Glasgow's Gordon Matheson said the impact of the Offensive Behaviour at Football Act had been to drive a wedge between fans and the police, accusing the legislation of demonising supporters and calling for an immediate review of the law.
The legislation gives police and prosecutors new powers to tackle sectarian songs and abuse at and around football matches, as well as threats posted on the internet or through the mail.
It created two distinct offences, punishable through a range of penalties up to a maximum five years in prison and an unlimited fine.
An agreement was reached for the Scottish Government to review the operation of the offences after two full football seasons and to report back to Parliament one year later. Concerns have since been raised by fans about police tactics and the act in general.
In a letter to Roseanna Cunningham, Minister for Community Safety and Legal Affairs, Mr Matheson said: "My administration is committed to promoting the overwhelmingly positive side of football in Glasgow. I do not believe this vision is irreconcilable with the Scottish Government's original intentions, before this legislation went badly wrong.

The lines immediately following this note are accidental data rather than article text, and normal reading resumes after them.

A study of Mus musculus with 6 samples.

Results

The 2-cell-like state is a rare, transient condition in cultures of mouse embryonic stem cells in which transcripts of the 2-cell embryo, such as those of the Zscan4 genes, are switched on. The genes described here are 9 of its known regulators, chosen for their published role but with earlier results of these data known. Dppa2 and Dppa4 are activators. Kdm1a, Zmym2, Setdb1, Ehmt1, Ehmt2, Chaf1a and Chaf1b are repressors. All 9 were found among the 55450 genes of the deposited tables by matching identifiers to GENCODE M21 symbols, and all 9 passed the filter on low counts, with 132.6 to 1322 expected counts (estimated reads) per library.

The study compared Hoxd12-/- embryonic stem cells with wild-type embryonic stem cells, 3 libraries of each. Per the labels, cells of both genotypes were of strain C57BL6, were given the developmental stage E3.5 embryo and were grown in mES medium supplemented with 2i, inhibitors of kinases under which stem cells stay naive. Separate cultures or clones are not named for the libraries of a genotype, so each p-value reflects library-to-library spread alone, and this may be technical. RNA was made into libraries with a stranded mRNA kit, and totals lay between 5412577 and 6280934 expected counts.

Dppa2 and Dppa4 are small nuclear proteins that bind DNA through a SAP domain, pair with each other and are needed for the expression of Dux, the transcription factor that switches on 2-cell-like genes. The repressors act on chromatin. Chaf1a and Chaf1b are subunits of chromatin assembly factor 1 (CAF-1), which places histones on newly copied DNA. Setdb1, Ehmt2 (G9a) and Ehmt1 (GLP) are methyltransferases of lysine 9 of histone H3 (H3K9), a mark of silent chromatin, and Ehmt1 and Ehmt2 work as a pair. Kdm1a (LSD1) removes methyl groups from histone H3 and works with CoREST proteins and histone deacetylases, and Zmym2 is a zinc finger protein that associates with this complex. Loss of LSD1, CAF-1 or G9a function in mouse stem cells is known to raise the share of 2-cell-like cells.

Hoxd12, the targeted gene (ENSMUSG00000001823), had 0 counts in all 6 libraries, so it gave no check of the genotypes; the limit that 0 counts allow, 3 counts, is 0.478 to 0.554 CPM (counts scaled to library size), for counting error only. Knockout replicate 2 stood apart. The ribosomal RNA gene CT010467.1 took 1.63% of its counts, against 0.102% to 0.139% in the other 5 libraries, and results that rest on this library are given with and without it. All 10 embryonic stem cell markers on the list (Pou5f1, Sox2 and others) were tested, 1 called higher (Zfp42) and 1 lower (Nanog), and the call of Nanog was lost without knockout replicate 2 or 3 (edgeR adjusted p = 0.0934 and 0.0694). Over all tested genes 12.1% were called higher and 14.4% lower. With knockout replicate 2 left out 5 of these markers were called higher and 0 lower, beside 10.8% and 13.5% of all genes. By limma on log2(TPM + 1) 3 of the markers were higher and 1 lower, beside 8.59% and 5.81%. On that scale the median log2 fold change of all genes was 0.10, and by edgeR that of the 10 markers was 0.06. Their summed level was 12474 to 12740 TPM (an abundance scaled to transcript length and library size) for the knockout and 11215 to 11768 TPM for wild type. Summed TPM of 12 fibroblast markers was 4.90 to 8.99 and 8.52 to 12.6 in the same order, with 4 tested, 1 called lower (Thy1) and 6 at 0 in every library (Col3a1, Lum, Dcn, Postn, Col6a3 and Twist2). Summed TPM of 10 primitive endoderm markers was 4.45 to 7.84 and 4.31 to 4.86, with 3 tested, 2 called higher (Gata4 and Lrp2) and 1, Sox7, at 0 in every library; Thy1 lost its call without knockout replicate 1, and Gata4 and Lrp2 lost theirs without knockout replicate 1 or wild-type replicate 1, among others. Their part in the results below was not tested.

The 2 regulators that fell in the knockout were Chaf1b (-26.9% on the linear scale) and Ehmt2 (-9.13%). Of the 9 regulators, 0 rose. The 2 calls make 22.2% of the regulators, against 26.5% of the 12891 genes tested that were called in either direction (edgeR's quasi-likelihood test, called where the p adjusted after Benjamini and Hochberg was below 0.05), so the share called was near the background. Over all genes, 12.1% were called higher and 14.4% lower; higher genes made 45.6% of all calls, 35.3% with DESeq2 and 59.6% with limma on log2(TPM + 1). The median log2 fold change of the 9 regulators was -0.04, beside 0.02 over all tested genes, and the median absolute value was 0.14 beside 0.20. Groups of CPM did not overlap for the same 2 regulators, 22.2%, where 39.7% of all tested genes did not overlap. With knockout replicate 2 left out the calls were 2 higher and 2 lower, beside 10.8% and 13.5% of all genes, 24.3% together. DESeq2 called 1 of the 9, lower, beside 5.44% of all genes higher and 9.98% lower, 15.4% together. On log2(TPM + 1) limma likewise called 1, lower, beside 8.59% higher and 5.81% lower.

"Rather than ameliorate the issue of sectarianism, this Act has had the perverse effect of creating an air of mutual antagonism between the police and supporters. I strongly urge you to initiate an immediate review of this legislation."
But one Scottish Government source said: "Why is he saying this now? And will it surprise anyone that the Labour leader of Glasgow opposes SNP Government legislation?"
A Scottish Government spokeswoman said: "An independent evaluation of this legislation is currently being undertaken by researchers at the University of Stirling.
"This process will provide us with a comprehensive, quality assured and evidence based evaluation report on the legislation."